If you have ever observed the characteristics of successful entrepreneurs, there are many common traits that emerge.
Having a vision and an ability to execute is a consistent trait, but this skill is often misunderstood. Successful entrepreneurs have to be creative, aggressive and challenge convention. This characteristic is not warmly embraced, often criticized and on P.E.I. almost universally vilified.
The burden of business success on P.E.I. is not one of celebration but often one of offence, and the pursuit of achievement not yet recognized as a worthy endeavor. This is a cultural deficit unique to our Island.
The black art of entrepreneurship has only recently been accepted in educational institutions. Traditionally those wishing to pursue self-employment could choose their vocation or school; the two paths unconnected.
Business has always been critical to our province’s development. Commerce helped establish our colony and merchants developed our economy. Today the structural strength of entrepreneurship is like plaster on the walls of a heritage building; hidden beneath layers of wallpapered services, bureaucracy and regulation.
A visible indicator of economic vitality is the local construction sector. We have an accomplished pedigree of Island developers who have made impact on our province, across our country and around the globe. Esteemed creators range from William Harris to Lemuel Owen, Owen Connolly and Wendell Barbour; to present day visionaries such as Johnston, Banks or our embraced adoptee Homburg.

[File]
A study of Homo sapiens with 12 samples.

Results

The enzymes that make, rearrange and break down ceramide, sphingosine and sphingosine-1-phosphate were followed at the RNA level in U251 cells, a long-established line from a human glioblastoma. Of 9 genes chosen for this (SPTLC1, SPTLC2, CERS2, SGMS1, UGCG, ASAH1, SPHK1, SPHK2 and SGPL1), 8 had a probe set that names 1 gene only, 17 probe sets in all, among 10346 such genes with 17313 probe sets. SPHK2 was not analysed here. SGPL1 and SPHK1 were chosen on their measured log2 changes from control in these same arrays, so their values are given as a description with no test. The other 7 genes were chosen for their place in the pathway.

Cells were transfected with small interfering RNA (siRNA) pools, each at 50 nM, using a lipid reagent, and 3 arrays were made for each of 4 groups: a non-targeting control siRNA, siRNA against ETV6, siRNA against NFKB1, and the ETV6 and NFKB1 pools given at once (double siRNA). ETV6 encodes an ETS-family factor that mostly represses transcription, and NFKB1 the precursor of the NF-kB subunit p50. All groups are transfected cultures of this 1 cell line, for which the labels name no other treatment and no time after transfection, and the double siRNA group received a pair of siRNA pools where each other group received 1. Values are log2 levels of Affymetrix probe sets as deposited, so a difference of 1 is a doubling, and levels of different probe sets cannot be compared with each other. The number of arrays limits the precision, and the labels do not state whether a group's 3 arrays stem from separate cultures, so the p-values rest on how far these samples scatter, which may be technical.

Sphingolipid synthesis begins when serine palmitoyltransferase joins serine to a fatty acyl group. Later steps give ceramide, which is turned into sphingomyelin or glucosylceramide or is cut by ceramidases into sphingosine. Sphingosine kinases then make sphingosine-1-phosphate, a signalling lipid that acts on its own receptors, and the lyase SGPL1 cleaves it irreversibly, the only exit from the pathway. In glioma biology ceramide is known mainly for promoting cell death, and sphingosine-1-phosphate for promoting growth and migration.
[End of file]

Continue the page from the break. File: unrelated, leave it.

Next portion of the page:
Except for the exceptional, we have buffered our culture of risk-taking. We have become comfortable surrounded by our wallpaper of security.
Our economy developed from hewers of wood and drawers of water to forging captains of industry and leaders in shipbuilding. Somewhere we lost our vigor, perhaps when we declared bankruptcy as a province and ceded to the Confederation movement. Maybe our culture altered much later and perhaps it will take another bankruptcy to have us think more progressively.
Are regulations so restrictive that opportunities are lost through frustration? Why do municipalities place more weight on regulation enforcement than economic development? Have we built an industry on the wallpaper, and not on the plaster that holds our structure together?
My argument: perhaps we have lost perspective of the objective.
Taxation, restriction and burden is not a model on which to encourage the development of an economy. An economy needs development and entrepreneurship if it is to afford the services it has grown dependent upon. There is an undiscussed mutually dependent relationship between entrepreneurs and business with a functioning and compassionate society.
Lets consider a different lens. Celebrate the agitators who push convention and cause us to think critically. Embrace their creativity, optimism and innovation.
Regulation must be in place, of this there is no dispute, but energy will redirect to positive receptors. We must find better ways to effectively apply economic energy.
Blake Doyle is The Guardian's small business columnist. He can be reached at firstname.lastname@example.org.